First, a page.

Donald Lambro

WASHINGTON -- Lyndon Johnson must have been turning in his grave when President Obama held a meeting with key lawmakers to break the stalemate on his health care reform bill on national TV.

No one was a better practitioner of the art of arm-twisting, deal-cutting and horse-trading behind closed doors than LBJ. The former president and legendary Senate majority leader, who enacted Medicare and a slew of Great Society anti-poverty legislation (that failed to alleviate poverty), would have had some salty, expletive-filled things to say about Obama's TV summit being a waste of time. And that's what it turned out to be.

Effective, hands-on deal making is something Obama has never done, even during his brief time in the Senate when he showed little aptitude for legislative leadership.

Did he really think that throwing political jabs at Republican leaders on TV would win support for his massive, $1 trillion health care overhaul? "I don't need a poll to know that most of Republican voters are opposed to this bill," he said at one point in the discussion. But polls show his health care plan is at death's door because it is opposed by independents, too. Is he aware of this?


Shortly before the summit, Democratic Sen. Chris Dodd of Connecticut, one of the architects of the original Senate bill, said at a rally, "We'll have that meeting ... but far more important, after that meeting, you can either join us or get out of the way." So much for bipartisan compromise.

The nightly network news shows, in their shallow, short-hand way, have reduced the reconciliation process to a simple, up or down majority vote in the Senate, instead of the 60-vote supermajority needed to break a Republican filibuster.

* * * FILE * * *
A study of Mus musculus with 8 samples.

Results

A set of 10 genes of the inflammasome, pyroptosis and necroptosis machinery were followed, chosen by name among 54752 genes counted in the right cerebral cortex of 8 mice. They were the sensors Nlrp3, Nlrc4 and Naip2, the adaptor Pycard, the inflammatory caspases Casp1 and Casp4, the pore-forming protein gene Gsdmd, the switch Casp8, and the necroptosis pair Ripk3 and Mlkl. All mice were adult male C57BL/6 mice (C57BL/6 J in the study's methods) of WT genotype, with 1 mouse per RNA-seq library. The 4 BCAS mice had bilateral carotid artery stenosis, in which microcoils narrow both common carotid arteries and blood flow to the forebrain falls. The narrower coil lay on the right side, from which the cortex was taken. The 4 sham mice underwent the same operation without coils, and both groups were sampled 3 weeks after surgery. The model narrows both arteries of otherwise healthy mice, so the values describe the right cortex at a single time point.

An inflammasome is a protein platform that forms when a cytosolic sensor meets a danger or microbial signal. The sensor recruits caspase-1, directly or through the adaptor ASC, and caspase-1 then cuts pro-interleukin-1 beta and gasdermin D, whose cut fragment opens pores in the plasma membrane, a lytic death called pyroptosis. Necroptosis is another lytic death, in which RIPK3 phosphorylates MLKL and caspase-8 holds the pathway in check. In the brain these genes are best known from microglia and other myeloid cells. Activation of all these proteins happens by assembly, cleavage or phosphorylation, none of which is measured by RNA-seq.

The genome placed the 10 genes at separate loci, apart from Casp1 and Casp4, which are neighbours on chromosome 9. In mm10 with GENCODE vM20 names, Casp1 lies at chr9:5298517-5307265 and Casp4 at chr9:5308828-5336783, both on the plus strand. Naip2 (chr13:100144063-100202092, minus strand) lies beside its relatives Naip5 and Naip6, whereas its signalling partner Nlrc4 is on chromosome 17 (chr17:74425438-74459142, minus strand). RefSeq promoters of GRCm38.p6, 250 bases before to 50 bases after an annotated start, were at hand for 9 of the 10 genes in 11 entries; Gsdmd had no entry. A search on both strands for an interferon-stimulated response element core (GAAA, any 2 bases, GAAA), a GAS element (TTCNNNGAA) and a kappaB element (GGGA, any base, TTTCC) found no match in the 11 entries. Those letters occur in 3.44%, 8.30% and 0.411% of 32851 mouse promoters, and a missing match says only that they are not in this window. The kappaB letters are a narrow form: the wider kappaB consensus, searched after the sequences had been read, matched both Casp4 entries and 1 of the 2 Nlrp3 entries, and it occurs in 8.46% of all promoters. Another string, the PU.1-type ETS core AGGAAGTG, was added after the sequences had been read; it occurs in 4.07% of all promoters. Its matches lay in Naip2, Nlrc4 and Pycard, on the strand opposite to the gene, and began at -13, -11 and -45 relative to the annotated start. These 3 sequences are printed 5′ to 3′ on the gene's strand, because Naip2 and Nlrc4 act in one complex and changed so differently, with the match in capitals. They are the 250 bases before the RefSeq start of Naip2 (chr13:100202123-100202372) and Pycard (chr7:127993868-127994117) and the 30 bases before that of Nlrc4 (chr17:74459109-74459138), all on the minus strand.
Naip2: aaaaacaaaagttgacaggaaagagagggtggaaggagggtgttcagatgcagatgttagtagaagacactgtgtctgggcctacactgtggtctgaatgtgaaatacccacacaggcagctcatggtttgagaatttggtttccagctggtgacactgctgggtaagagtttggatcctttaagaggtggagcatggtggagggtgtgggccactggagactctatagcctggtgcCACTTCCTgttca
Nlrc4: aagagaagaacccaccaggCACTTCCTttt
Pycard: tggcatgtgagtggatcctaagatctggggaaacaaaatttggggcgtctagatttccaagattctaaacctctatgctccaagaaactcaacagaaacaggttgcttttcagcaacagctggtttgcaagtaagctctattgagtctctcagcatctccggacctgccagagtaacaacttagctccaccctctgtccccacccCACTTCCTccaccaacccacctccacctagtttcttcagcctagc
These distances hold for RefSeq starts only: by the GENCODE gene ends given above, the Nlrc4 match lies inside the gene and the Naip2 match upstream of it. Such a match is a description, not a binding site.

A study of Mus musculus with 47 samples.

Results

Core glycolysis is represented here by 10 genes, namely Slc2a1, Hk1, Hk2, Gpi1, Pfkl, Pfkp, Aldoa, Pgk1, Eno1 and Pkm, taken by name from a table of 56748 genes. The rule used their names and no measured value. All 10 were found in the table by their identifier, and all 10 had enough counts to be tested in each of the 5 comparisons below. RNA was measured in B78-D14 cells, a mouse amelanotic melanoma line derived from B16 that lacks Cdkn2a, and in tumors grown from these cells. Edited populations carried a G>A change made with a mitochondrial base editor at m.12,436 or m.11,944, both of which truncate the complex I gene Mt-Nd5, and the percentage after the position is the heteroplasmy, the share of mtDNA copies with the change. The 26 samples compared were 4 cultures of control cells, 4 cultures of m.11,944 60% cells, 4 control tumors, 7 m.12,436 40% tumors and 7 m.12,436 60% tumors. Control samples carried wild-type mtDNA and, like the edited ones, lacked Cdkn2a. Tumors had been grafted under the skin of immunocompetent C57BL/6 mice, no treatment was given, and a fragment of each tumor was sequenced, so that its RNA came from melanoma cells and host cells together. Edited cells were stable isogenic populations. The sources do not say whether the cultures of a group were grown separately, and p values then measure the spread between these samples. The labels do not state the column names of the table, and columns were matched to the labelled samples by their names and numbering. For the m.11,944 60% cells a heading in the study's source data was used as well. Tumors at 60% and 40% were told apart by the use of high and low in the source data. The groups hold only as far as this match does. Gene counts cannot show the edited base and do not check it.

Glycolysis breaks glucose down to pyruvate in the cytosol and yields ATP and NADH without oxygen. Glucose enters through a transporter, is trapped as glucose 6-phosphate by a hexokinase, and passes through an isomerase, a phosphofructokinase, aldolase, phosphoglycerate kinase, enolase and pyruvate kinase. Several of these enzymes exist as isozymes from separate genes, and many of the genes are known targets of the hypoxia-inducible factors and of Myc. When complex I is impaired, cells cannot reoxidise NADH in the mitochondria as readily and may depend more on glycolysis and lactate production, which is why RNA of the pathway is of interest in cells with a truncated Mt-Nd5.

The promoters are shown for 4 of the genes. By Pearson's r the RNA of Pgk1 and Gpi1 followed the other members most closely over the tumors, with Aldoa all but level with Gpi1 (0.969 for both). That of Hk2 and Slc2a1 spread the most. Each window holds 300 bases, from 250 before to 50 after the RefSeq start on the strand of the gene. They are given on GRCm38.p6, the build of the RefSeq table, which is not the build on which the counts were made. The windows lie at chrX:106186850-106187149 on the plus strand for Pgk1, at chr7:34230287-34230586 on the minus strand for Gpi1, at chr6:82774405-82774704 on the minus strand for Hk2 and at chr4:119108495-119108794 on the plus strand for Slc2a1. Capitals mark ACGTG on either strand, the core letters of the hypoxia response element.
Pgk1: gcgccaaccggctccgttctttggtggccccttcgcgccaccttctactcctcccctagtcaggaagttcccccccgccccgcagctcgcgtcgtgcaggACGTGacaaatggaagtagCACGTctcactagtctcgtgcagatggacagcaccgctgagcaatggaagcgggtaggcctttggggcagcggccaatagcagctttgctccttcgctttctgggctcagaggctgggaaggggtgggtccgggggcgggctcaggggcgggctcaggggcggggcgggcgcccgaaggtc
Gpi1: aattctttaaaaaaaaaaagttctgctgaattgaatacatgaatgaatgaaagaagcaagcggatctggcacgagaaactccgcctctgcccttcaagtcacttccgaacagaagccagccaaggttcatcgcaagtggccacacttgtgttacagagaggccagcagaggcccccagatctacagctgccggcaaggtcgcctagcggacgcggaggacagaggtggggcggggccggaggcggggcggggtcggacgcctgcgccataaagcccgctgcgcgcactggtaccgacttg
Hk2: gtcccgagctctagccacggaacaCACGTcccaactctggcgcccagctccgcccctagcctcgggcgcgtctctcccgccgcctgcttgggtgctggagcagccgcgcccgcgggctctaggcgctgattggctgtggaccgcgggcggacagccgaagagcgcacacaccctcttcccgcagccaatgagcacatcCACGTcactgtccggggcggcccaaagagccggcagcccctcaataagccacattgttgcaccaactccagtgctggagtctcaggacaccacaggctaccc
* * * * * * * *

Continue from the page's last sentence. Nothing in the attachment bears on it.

But the process is far more complicated, time-consuming and disjointed than that, and fraught with political peril for many vulnerable Democratic incumbents who face strong Republican challengers in November.

The reconciliation rules, which are primarily used to deal with budget and deficit-cutting proposals, were not meant for complicated policy-making that can wreak havoc on America's private health care system.

There are time limits, but senators can also offer an unlimited number of amendments, too, that many Democrats may not want on their voting record in a tough election year. It is a process that can drag on for weeks, while opposition to Obamacare grows along with demands that Congress turn its attention to the economy and jobs.

"The reconciliation process will turn health care legislation into Swiss cheese, making a bad bill even worse," predicts health care analyst Grace-Marie Turner, president of the conservative Galen Institute.

But the House will have to act first before the Senate reconciliation process can begin, and that's where Democrats face some big obstacles.

Under the plan, House Democrats would have to give final approval to the bill Senate Democrats passed on Christmas Eve, and send it to Obama for his signature. The original House bill, rejected by the Senate, squeaked through on its own, and many House Democrats think the Senate version is weak and impractical.

If House Democrats pass the Senate bill, they would then be asked to vote on a second follow-up bill fixing what they do not like in the Senate's package. This bill would then be debated under the Senate reconciliation rules requiring only a 51-vote majority.

But many House Democrats are very uncomfortable about giving final approval to the Senate's health care version, which does not contain the new public option they had demanded be included. And they are leery of the Senate's promise to pass their follow-up "fix-it" bill.

"The trust of House members ... in the Senate delivering on anything is at an historic low," Democratic Rep. Peter A. DeFazio of Oregon told The Washington Post last week. "And the House taking major action that is dependent on a future action of the Senate, I think that's very, very difficult."

Mind you, all of this is expected to take place in the middle of a brutal midterm election year where the political landscape has turned strongly against the Democrats. As of this writing, the nation's foremost election handicappers are forecasting Republican gains of between 20 and 30 seats in the House and half a dozen or more seats in the Senate. Some now think that a GOP takeover in the House is not out of the question.

In short, reconciliation poses a fiendishly difficult obstacle course for the Democrats' hugely unpopular health care plan, and threatens to flatten their ruling majority in November. And the White House seems to be saying they are okay with that so long as Obama wins the centerpiece of his presidential agenda.


Donald Lambro

Donald Lambro is chief political correspondent for The Washington Times.